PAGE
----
A 27-year-old woman with a history of cystic fibrosis and a long-standing productive cough and multiple prior exacerbations of dyspnea is evaluated in the emergency department for the acute onset of shortness of breath and left-sided pleuritic chest pain. She has had no fever.

On physical examination, she is in moderate distress. Her temperature is 36.9 C (98.4 F), blood pressure is 132/66 mm Hg, heart rate is 126/min, and respiration rate is 24/min. Oxygen saturation is 93% with the patient receiving oxygen, 2 L/min, by nasal cannula. Auscultation of the chest shows absent air movement throughout the left chest and crackles on the right side.

Chest radiograph shows a left-sided pneumothorax that is 3 cm from the lung margin to the chest wall (>50% size) with no mediastinal shift or diaphragmatic depression.

Which of the following is the most appropriate next step in this patient's management?

A Intubation and mechanical ventilation
B Needle aspiration of the pneumothorax
C 100% oxygen and observation
D Tube thoracostomy
D..tube thoracostomy because she is not in sever distress. If she BP was compromised, it would have been more urgent and the answer would have been needle insertion before chest tube.
This pneumothorax is not acute. You are confusing it with tension pneumothorax where there is a mediastinal shift etc.
In this patient it is secondary to a ruptured bullae due to chronic lung disease. Usually, you can treat a small secondary pneumothorax conservatively as the air gets absorbed. However in this case it is 3 cm from the margin, therefore, it is going to take a very long time for it to be absorbed. Her lung functions are already compromised so she needs every bit of the lung (function) made available to her. Moreover, it is quite possible that the pneumothorax may actually increase.

This patient has a symptomatic pneumothorax and requires immediate chest tube placement (tube thoracostomy). Approximately 16% to 20% of adult patients with cystic fibrosis have an episode of pneumothorax at some time in their lives.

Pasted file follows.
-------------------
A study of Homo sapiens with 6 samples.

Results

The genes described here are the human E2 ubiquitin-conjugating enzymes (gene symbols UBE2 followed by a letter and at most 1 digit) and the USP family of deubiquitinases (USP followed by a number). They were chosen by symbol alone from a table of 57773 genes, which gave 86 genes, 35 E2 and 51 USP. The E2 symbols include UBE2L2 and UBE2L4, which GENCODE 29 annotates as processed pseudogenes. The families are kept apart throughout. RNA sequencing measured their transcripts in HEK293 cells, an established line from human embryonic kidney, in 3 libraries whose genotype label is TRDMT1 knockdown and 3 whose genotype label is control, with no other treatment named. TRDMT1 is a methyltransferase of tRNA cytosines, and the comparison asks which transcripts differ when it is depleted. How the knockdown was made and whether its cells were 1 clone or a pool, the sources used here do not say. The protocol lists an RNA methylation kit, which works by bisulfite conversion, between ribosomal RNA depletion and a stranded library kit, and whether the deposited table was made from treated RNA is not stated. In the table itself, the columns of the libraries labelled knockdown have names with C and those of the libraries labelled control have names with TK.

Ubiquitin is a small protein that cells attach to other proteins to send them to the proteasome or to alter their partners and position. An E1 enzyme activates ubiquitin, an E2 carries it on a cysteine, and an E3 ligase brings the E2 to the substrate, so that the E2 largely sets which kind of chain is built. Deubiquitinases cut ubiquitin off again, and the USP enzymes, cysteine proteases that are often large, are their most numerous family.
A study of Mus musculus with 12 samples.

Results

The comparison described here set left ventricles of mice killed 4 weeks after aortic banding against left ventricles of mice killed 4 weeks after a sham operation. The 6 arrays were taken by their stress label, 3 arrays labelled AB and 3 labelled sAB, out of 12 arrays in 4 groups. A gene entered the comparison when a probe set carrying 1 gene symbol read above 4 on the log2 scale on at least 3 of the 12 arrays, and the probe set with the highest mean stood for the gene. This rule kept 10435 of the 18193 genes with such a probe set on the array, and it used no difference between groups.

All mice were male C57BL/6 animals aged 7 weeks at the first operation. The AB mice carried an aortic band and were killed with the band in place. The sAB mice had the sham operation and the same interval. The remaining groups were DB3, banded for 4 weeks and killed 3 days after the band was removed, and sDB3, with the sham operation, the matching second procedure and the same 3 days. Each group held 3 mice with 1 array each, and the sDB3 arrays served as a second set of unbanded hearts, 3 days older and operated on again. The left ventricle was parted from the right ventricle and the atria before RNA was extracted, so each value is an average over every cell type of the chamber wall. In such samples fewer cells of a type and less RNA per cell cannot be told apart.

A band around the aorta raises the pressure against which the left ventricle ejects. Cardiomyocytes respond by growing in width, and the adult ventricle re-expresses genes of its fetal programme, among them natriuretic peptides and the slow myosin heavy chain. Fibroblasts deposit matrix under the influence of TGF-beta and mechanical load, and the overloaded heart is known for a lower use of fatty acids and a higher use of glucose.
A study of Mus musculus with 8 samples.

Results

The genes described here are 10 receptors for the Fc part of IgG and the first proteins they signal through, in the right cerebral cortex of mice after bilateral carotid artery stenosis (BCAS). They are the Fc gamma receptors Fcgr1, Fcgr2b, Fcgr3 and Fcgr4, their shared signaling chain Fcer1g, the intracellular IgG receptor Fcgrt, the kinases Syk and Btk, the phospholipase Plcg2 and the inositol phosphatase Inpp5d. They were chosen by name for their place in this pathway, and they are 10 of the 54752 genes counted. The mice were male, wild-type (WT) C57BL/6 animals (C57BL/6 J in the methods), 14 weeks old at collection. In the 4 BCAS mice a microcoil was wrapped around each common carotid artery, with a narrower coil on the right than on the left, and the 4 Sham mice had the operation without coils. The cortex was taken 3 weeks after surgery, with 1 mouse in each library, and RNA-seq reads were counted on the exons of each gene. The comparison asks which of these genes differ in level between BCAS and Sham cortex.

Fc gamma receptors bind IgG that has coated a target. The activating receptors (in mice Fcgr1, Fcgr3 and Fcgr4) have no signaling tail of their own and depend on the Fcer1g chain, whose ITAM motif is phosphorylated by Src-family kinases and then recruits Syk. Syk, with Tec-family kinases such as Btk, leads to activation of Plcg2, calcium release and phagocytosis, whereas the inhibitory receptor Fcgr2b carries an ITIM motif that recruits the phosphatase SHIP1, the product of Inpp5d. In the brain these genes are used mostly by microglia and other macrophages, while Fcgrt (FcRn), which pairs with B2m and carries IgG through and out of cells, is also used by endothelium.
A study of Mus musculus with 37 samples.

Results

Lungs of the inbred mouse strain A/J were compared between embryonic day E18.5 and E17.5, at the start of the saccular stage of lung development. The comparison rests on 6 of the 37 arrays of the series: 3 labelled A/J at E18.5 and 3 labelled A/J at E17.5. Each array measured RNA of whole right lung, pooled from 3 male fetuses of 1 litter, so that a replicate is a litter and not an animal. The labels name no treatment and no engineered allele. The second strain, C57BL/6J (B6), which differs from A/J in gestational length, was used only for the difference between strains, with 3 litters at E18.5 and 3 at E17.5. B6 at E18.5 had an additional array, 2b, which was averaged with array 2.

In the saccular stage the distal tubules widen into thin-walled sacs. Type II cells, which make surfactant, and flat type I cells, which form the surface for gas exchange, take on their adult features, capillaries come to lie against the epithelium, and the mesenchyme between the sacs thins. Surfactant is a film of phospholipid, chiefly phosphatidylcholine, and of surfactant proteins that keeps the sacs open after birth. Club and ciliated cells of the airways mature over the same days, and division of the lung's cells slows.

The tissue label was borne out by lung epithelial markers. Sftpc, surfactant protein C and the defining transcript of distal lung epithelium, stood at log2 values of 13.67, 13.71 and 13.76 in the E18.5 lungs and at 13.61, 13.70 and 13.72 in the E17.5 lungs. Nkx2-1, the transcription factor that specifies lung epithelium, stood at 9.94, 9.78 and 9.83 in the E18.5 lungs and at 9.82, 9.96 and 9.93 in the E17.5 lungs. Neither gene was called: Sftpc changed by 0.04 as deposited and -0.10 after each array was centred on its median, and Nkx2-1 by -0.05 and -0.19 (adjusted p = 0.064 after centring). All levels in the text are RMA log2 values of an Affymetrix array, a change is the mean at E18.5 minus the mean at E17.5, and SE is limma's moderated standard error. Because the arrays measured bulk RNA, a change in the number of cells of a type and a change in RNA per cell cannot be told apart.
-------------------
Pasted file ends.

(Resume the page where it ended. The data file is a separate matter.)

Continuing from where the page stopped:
Secondary spontaneous pneumothorax (due to underlying lung disease) is more serious than primary spontaneous pneumothorax (no underlying lung disease) because pulmonary function is already compromised and secondary spontaneous pneumothorax can be life threatening.

Rapid chest tube placement is needed to quickly alleviate the patient's symptoms and manage the pneumothorax.

Needle aspiration in patients with a secondary pneumothorax is less likely to be successful than in patients with a primary spontaneous pneumothorax.

The size of the pneumothorax and the patient's presentation (significant shortness of breath and severe underlying lung disease) suggest that aspiration alone would not be adequate initial treatment.

Needle aspiration should be reserved for patients with minimal dyspnea who are under the age of 50 years and have small pneumothoraces (<2 cm from the lung margin to the chest wall)

Observation will result in absorption of a pneumothorax at the rate of 1.25% per day. Therefore, a 50% pneumothorax will take about 40 days to absorb, assuming there is no continued air leak. While administration of oxygen is an important adjunctive therapy and will increase the rate of absorption of the pneumothorax six-fold, this option is not adequate as initial therapy for a pneumothorax of this size, particularly in a patient with acute-onset shortness of breath and significant underlying lung disease. Intubation and mechanical ventilation are likely to worsen the patient's pneumothorax if there is a continued air leak to the pleural space, potentially resulting in tension pneumothorax.